FG To Implement New National Minimum Wage In Third Quarter Of 2018


A new national minimum wage will be implemented from the third quarter of 2018, the Minister of Labour and Employment, Chris Ngige, has said.

He disclosed this at the 40th anniversary celebration of the Nigeria Labour Congress in Abuja on Monday.

According to the minister, “Well, we all know the economic situation of the country as of today. The negotiation committee has members from all the tripartite bodies, which means the government cannot force its way.

“The committee has received memoranda from all the critical stakeholders and should begin the implementation of a new minimum wage in the third quarter of this year.”

Earlier in the month, the NLC made a request to the tripartite committee on minimum wage to increase the wage to N56,000 for the least paid worker.

Also, the Director General, Budget Office of the Federation, Ben Akabueze, earlier in the month, said though no provision was made concerning the minimum wage in the 2018 budget, the Federal Government would prepare a supplementary budget that would take care of the increase in workers pay after the new minimum wage proposal has been approved.

Ayuba Wabba, president of the Nigerian Labour Congress, at the 40th anniversary celebration, said labour would resist the schemes of those who are working against the realisation of the new minimum wage within the government.

The speaker of the House of Representatives, Yakubu Dogara, assured the NLC that lawmakers were prepared to support the payment of living wages to workers in the country and encouraged them to negotiate on the worker’s living wages.

Punch newspapers reported that a statement by the speakers’ media office said,

“The major challenge facing the organised labour today is to negotiate a meaningful national minimum wage for Nigerian workers.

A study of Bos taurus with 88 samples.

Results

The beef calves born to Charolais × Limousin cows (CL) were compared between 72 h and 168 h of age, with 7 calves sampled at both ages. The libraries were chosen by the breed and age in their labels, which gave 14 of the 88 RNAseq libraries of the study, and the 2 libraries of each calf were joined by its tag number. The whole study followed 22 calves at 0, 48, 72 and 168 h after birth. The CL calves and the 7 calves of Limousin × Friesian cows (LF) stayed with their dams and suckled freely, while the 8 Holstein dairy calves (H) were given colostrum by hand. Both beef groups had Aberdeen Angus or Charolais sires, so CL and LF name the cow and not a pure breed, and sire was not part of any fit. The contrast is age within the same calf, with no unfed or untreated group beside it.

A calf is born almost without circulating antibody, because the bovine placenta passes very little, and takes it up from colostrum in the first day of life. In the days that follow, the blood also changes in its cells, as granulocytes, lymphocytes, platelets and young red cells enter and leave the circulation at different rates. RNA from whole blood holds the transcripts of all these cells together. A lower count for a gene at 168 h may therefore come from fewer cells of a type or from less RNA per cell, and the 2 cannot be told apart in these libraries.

“I wish to lend the support of the House of Representatives to the ongoing efforts to secure not only a living wage for the Nigerian worker, but also to ensure that in retirement, workers are sufficiently taken care of.

“The labour of our heroes past shall never be in vain.”

In October 2017, members of the House of Representatives called for a review of the current national minimum wage to at least N30,000.

The current minimum wage is N18,000 and was brought to effect in 2011 and lawmakers have argued that no Nigerian worker can survive on that.

At the anniversary on Monday, Mr. Wabba highlighted that the labour movement was ready to participate in the political activities of 2019.

He said the Labour Party will be resuscitated with a view to provide a veritable platform for labour activists to seek elective positions.

“It was because of this understanding that we created the Labour Party. We are not yet disillusioned with developments within the party as we are mindful of the obvious fact that each organisation has its peak and low periods in its natural process of growth.

“We, therefore, call for unity of its members and urge all workers to register, claim it, control and have it as their party.”

The president, Trade Union Congress, Bobboi Kaigama, also charged labour activists to develop more than just an interest in politics.

He said that it is only when labour wrestles power from career politicians that it would be empowered to better the lots of the working masses.